In South Korea, with its population of more than 50 million, education, research and innovation are three key success factors in the substantial economic development that has taken place in recent decades. The country is often described as an economic miracle that grew from the ashes of the Korean War (1950–1953) to become one of the world’s largest economies. Many put the miracle down to a greater focus on education. In contrast, others maintain that it stemmed from the will of the people to overcome poverty hand in hand with state economic development.

In 1996 South Korea became a member of The Organisation for Economic Co-operation and Development (OECD), a move that facilitated quicker economic growth. The International Monetary Fund (IMF) lists the country among the world’s most advanced economies.

South Korea has a centralised school system with free education from six to fifteen years of age. Preschool between four and six years of age is followed by nine years of compulsory primary and middle school. After this comes three years of high school and two to three years of vocational college. The country usually ranks very high in international comparisons of school results and has among the highest number of higher education students in Asia.

Not unexpectedly, there are many universities in South Korea. The three highest-ranked are Seoul National University, Korea University and The Korea Advanced Institute of Science & Technology.

Seoul National University (SNU), ranked number one in South Korea and 36 in the world, was founded in 1946 through a merger of ten institutions. SNU has the country’s most influential alumni network and is said to be able to produce one in four candidates as future CEOs of the 100 most successful companies. The university has an impressive portfolio of global partnerships and collaborates with 289 universities in 58 countries. SNU ranks among the best universities in the world in 41 subjects, including the 20 best in chemistry, mechanical engineering, pharmacology and sport-related subjects.

Korea University was founded in 1905 and has around 37,000 students on two campuses. While ranked second overall, its international research network is ranked number one in the country and the university has the second highest number of international students in the country. Roughly eleven per cent of the students come from other countries. At the time of writing, Korea University is listed among the world’s best educational institutions in 33 subjects. It holds top 50 positions globally in accounting and finance, management, chemical engineering, mechanical engineering, modern languages, politics and social policy, and administration.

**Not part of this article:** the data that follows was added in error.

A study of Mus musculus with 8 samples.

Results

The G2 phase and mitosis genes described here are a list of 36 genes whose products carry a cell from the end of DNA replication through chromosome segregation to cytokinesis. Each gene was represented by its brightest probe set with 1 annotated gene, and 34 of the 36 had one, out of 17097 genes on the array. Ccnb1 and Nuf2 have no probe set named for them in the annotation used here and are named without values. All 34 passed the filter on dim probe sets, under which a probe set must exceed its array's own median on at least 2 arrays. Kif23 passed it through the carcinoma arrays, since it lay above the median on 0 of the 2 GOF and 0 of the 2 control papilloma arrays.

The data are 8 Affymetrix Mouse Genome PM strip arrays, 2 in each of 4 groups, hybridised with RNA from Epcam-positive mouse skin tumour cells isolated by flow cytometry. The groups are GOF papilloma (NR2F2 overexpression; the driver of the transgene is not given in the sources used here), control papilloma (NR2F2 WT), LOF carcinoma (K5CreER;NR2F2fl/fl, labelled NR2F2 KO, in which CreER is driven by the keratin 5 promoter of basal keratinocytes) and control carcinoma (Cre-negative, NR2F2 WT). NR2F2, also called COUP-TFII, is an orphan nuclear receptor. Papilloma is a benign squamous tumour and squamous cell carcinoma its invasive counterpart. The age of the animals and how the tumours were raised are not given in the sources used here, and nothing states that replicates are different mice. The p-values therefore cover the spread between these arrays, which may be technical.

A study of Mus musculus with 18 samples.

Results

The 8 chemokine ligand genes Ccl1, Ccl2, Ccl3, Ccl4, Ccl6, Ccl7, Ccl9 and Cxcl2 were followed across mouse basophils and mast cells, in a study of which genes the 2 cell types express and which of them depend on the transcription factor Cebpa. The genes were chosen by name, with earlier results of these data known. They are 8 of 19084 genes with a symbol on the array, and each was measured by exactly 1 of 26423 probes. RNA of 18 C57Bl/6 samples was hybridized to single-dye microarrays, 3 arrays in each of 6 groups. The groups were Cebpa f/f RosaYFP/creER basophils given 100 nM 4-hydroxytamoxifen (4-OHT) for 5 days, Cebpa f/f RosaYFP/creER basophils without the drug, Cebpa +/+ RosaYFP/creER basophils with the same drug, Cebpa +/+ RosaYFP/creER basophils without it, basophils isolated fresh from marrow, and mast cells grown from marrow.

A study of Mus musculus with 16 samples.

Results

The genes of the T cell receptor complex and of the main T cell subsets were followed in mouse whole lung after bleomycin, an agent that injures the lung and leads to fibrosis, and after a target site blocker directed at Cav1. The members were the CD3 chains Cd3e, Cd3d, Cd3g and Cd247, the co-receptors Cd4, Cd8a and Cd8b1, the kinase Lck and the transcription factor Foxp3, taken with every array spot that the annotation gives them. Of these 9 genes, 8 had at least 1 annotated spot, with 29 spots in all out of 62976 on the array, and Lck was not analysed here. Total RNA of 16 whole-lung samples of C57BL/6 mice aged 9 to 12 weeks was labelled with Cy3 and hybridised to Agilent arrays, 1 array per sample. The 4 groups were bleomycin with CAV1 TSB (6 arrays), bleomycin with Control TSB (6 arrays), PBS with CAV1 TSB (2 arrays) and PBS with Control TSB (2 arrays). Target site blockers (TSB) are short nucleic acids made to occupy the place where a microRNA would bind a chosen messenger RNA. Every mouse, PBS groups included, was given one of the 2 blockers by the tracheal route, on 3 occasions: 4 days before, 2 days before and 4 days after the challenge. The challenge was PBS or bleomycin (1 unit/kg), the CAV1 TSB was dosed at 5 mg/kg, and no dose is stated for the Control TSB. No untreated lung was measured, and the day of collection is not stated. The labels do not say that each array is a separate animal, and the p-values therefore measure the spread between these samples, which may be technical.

The third university, Korea Advanced Institute of Science & Technology (KAIST), is located in the research and technology hub of Daejeon. KAIST was founded in 1971 as the country’s first research-oriented science and technology institution. While the institute is mainly based in the Daedeok Innopolis area, a cluster of high-tech research institutes, government agencies and venture firms. It also has a campus in Seoul and is home to the KAIST College of Business.

A few years ago, the Mayor of Seoul, Park Won Soon, had this to say in an interview with Meetings International: “The meetings industry is Seoul’s future and the economic driver for the society. Also, we will build a sustainable city.”

Although Seoul holds a prominent position in both the UIA and ICCA rankings for the number of international meetings it holds annually, an affirmation by the global community that they are moving in the right direction, it is not resting on its laurels. Seoul has taken great strides to realise its vision of turning the city into a district-wide, and worldwide, meetings capital.